My Lessons From a Crash Course in Ghostwriting
Lauren Kate on How She Got a Degree in Pseudonyms
During drop/add the fall of my freshman year of college, the Intro to Poli Sci class my parents thought I should take was full, and I landed in my first Creative Writing seminar. More specifically, I landed at a conference table next to Jim. By way of an introduction, he held up his most recent book. I was amazed to be in the midst of an actual novelist, to see that he drank vending machine cranberry juice, had freckles on his forehead, and breathed the same air as me.
My love of novels had always been ferocious, but growing up in Plano, Texas, the creators of those novels might as well have lived on another planet. I’d arrived on campus hoping to get a job at the Centers for Disease Control. Instead, I caught the fiction bug and didn’t want a cure.
I modeled my early writing and my nascent sense of what a writer is on Jim. I started drinking vending machine cranberry juice. I already had the freckles. Jim was and is a character-driven writer, a character-driven teacher, for whom analysis of plot as an element of craft always seemed a bit low. The message was: if your characters are alive, they find the story for you. But my characters groped in the dark, and I left school four years later with a novel full of fascinating eccentrics who never did a thing.
I brought my manuscript with me when I moved to New York after college. Now that I knew a little about how to write, I figured I should learn how Writing becomes Books. I got an entry-level job at a publishing house, where I worked on other people’s novels. During my free time, I started submitting my own. Five years later, I’d amassed 76 rejections and had just been accepted to a fiction writing grad program in California, when a fellow assistant waved me over to her cubical.
She knew someone who knew someone who was looking to fill a pseudonymous writing gig: A male writer had begun a mass-market young adult series, and he was too busy to finish it. They wanted someone to use his pseudonym, adopt his characters and his voice. I’d been speaking in male writers’ voices for as long as I’d been writing—in fact, I hadn’t learned how to stop speaking in male writers’ voices. Let’s face it: I was speaking in Jim’s voice.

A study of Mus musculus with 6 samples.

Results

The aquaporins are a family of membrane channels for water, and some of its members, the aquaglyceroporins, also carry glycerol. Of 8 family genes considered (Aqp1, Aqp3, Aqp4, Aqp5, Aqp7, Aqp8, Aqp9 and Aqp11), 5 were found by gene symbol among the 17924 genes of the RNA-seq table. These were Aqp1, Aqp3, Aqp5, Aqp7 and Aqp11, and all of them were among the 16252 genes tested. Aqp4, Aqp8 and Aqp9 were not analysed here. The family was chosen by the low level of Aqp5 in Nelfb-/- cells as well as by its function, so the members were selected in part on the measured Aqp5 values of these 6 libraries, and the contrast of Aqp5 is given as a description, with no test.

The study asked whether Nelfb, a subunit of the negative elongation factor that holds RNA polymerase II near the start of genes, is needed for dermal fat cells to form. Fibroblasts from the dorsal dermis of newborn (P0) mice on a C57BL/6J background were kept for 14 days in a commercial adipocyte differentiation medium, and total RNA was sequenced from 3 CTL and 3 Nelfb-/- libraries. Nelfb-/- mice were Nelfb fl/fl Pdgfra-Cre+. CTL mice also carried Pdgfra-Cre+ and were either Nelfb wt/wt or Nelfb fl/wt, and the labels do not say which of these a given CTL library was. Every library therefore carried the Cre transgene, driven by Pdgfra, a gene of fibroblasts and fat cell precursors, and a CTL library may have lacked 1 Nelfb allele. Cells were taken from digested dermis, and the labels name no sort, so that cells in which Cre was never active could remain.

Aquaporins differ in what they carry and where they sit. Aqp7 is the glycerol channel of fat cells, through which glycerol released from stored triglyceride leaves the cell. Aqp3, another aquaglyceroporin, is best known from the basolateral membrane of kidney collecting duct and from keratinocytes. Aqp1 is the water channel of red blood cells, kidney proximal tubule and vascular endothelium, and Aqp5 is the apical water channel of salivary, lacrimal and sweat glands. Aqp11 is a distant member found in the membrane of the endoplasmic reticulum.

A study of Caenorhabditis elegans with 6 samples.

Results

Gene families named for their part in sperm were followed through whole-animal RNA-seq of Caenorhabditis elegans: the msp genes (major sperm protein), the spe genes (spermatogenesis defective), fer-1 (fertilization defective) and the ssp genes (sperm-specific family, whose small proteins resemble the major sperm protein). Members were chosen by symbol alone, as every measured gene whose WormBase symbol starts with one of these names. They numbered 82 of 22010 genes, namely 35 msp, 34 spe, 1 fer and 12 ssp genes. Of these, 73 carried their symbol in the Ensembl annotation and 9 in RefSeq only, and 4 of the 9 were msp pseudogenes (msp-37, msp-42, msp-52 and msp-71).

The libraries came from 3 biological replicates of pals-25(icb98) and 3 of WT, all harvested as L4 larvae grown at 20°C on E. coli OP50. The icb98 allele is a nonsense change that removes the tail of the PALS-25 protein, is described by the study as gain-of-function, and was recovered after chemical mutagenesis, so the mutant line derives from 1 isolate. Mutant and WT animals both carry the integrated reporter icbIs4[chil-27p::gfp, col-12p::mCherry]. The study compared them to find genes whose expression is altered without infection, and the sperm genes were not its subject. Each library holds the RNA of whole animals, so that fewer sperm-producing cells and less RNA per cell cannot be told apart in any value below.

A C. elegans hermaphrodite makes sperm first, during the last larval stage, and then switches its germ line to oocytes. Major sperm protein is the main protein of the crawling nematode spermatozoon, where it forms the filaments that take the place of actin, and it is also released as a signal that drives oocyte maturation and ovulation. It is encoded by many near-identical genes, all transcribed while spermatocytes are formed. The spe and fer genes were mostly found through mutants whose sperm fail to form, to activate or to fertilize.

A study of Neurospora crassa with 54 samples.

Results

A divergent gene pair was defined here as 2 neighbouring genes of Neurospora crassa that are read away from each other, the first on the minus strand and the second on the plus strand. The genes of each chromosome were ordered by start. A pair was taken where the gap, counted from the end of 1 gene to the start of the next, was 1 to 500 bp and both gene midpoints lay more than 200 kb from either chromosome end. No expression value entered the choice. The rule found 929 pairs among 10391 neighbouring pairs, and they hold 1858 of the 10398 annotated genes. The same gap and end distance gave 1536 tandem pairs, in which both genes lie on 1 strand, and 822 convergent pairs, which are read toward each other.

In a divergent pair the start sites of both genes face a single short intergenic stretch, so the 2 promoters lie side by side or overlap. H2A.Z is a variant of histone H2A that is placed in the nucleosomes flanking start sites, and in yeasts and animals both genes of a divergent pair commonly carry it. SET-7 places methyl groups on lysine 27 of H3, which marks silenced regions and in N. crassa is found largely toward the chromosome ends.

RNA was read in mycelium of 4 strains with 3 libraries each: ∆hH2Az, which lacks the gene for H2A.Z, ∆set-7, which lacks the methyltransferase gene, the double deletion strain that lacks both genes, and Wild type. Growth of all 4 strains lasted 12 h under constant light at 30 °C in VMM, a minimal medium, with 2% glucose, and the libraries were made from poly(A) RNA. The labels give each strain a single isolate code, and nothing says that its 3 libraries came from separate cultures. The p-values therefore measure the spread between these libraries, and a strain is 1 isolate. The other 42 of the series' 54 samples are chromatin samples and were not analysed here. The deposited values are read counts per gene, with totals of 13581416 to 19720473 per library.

My favorite thing about my job at the publishing house was drafting the flap copy for the inside cover of a book, which requires assuming the style and cadence of a story in order to sell it. I suspected this pseudonymous side-hustle would engage the same skill set but in a longer format. Plus, I was about to be living on a grad student’s stipend. I was in no position to pass up seven grand.
But I still didn’t know how to write a book where anything happened. And the series I would be writing had to be heavy on plot. So a few weeks before I left New York, I recruited a screenwriter friend. We spread out a blanket in Central Park, popped some cheap Prosecco, and as the sun dipped over the Hudson, she schooled me on story beats—the three-act structure, the B-story, the excruciating Dark Night of the Soul.
I wondered: What about character? Wouldn’t taking on an already existing protagonist feel like sleeping with a stranger before you’ve had the chance to flirt? With my new knowledge of plot, I figured I could get my character to the party for the climax scene… but how would I know how she felt about being there? Doesn’t that make all the difference?
What I learned was it makes more sense to treat characters as if they’re already fully formed. Even now, when I draft a new novel, I don’t set out to construct someone from scratch. I encounter my characters in media res, getting to know souls already alive in a world. I don’t always like them, but I’ve learned it’s not up to me to change them. That’s the story’s job.
Meanwhile, I entered grad school, where I heard further evidence that plot is for hacks. In my free time, I hacked away at my plot-heavy pseudonymous series. I studied the previous male writer’s style and looked for places where I could change it—first a little, then a little more, then a lot. I instilled the secondary characters with new vigor, giving them opportunities to alter the destiny of the series.
The deadlines were so insane—two weeks per 70,000 words—that I had no time to ponder theories of identity and authorship. I typed fast and loose anywhere I could: at the bowling alley where my grad student friends hung out, by the pool at my rented farmhouse in northern California, in the backseat of my boyfriend’s Chrysler en route to his winery job. I fell in love with story structure, with the mechanisms of plot. I found that my plots generated character, instead of the other way around.
By the time I taught my first undergraduate Creative Writing seminar, I had my own novel to hold up to my students—even if its cover bore someone else’s name. It wasn’t going to win any awards, but I was proud of what writing that book taught me. I told my fresh-faced students I was losing my faith in character. If character was anything, it was an alchemical function of plot. I told them how beautiful, how illuminating plot can be. Plot separates fiction from life. Plot is numinous and keen.
And somewhere during my crash-course in commercial novel-writing—one year and four pseudonymous books later—I got an idea for a story of my own. It didn’t start with characters, but I knew they were out there, eager to flirt.
My new novel is about a male novelist writing bestselling romance books under a female pseudonym. It’s about the women he writes and the women he writes for. It’s about the female editor whose dreams get rearranged when she learns her author’s true identity. It’s about finding your voice with fiction, always my favorite lie.
Lauren Kate’s By Any Other Name is available everywhere that sells books.